The wet shots, the hot crossovers and the scintillating trash talk — the game of basketball is an art form.
Not to say that other sports aren’t equally as captivating, but I’ve hung onto hoops since first grade. When I watch players run across the hardwood (or pavement), every detail pops out at me, from the off-ball movement to the eager subs to the shoes.
Kevin Durant recently dropped a “Peanut Butter & Jelly” color-way for his Nike KD IVs. Adidas released its “Quick is Everywhere” campaign with Kenneth Faried, Jrue Holiday and Harrison Barnes.
Kobe and LeBron continue cranking out solid kicks that people rep on courts around the world. Meanwhile, Dwyane Wade went international with his brand, leaving the Jordan family and signing with the up-and-coming Chinese company, Li Ning.
I think it’s fair to say that ever since Nike sponsored Michael Jordan, the basketball shoe business has never been the same. Every kid who picks up an orange rubber ball wants to be like Mike. While the hops and the height might be lacking, a pair of Jordan sneakers can provide a fleeting moment of bliss — a small boost of confidence — as Macklemore raps in his song “Wing$”: “On the court I wasn’t the best, but my kicks were like the pros.”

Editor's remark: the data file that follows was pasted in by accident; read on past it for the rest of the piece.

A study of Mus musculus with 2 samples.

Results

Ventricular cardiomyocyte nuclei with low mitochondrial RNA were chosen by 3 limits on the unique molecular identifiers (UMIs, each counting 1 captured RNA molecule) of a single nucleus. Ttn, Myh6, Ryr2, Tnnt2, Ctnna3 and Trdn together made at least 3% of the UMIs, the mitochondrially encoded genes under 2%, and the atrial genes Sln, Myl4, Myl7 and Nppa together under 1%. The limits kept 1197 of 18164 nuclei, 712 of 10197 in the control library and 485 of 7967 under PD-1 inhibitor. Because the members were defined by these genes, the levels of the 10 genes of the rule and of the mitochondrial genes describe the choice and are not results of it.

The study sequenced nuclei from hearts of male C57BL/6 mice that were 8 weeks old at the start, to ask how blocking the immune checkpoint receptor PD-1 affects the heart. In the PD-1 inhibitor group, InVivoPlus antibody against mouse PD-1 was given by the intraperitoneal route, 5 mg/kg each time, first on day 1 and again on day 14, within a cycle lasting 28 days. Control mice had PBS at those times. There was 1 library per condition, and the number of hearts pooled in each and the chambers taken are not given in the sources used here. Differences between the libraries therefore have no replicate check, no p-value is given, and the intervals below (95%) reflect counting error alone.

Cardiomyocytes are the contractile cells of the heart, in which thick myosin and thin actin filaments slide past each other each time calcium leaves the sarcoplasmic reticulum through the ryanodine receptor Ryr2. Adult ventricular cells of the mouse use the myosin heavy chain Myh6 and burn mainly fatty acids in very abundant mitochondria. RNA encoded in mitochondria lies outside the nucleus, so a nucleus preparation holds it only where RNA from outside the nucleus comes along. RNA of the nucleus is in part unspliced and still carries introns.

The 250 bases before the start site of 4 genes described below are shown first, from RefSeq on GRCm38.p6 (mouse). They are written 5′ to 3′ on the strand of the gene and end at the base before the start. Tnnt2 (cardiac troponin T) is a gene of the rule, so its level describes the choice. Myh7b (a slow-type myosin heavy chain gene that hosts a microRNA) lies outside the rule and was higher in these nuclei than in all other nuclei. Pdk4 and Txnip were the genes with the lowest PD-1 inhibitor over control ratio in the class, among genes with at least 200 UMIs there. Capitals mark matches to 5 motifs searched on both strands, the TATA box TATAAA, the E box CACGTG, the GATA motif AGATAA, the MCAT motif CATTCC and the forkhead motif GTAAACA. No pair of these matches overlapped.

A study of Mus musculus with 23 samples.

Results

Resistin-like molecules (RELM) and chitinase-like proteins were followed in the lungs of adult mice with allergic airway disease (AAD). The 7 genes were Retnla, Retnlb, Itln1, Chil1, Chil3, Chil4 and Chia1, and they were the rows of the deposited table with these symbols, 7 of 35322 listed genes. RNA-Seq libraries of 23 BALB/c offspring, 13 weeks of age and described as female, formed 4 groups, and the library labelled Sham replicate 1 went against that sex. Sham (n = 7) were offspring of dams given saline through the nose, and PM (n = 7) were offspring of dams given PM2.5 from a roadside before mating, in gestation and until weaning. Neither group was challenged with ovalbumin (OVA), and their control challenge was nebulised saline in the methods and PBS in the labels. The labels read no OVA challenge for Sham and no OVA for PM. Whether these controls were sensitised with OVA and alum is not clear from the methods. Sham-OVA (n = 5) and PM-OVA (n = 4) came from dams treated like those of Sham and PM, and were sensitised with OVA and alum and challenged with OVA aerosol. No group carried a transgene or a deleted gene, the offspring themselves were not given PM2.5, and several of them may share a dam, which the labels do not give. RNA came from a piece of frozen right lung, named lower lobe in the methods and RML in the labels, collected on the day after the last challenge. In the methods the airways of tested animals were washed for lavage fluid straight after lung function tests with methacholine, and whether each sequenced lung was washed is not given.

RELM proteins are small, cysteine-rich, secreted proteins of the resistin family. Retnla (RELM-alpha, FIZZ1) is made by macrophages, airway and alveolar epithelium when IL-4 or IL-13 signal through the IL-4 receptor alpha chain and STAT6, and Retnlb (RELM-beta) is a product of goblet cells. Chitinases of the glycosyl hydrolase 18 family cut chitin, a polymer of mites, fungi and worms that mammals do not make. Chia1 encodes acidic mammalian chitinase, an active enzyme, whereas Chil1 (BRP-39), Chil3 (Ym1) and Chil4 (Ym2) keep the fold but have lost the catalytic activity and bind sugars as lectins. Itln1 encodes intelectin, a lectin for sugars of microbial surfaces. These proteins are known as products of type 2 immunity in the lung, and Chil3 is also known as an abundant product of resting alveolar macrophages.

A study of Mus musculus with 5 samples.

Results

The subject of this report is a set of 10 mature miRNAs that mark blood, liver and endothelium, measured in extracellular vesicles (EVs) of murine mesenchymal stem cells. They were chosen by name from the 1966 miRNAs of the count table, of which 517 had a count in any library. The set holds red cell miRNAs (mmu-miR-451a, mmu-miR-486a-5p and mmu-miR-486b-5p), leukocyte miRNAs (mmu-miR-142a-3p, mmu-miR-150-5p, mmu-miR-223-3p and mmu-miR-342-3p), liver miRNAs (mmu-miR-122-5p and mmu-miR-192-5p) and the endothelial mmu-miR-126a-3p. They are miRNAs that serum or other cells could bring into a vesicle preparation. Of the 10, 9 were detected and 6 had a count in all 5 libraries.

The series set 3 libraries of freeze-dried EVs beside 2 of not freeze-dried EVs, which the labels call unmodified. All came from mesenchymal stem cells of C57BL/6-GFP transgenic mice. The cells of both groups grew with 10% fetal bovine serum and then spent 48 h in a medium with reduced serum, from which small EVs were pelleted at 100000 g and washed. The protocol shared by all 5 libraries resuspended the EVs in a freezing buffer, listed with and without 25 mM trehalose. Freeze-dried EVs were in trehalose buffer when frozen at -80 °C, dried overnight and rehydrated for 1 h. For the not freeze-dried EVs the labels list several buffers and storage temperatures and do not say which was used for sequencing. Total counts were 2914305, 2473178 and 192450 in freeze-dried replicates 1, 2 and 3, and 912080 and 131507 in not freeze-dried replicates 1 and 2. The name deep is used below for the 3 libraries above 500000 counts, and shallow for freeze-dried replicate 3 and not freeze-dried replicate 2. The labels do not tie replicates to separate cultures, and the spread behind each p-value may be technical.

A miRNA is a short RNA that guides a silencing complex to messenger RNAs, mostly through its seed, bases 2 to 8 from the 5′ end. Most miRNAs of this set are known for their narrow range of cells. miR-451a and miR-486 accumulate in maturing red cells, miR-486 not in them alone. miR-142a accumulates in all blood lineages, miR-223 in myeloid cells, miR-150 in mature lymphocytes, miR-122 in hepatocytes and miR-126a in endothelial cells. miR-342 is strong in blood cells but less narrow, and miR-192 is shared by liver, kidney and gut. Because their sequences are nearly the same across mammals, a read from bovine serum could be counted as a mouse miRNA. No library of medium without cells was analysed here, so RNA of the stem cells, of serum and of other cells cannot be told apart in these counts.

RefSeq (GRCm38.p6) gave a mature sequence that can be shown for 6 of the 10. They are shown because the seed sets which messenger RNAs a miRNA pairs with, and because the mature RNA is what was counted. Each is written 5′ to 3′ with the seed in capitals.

“Wing$” also mentions the consumer cult-culture surrounding the basketball shoe. Prices only keep increasing. I remember when $120 was outrageous. Now, the new LeBron XIs will set you back $200.
Why do buyers keep dishing out the green? Because basketball shoes are more than basketball shoes. It’s materialistic and gaudy, and it’s the truth.
When the Jordan Concords released in 2011, fights broke out and shots were fired at a mall in Richmond, Calif. Last year, an eBay bidder paid $90,000 for Kanye West’s unreleased Nike Air Yeezy IIs.
The craze is real. And as long as the NBA remains as dominant as it is, the basketball shoe industry will continue to boom, adding to the top of the house that MJ built.
Macklemore can rap about how “Phil Knight tricked us all,” and others can discount sneaker heads for their obsession. It won’t change the fact that basketball players need shoes to compete and that shoe companies won’t stop digging deeper into their pockets to secure major endorsements.
Whether it’s the air bubble cushioning or the bright patterns or the lighter-than-a-soda-can frame, any shoe edge is appreciated and taken into consideration by buyers, as is the pro baller who dons them.
Russel Westbrook worked with Nike and rolled out Air Jordans last year that one reviewer likened to “stripper boots.” They looked odd on the Nike store website, but since Westbrook performed well in them, people copped them.
The real question is what will people not buy?
Basketball fans everywhere are, as Macklemore spits, “strangled by these laces,” and yet I can’t see it any other way.
As published in the Pepperdine University student-publication, the Graphic.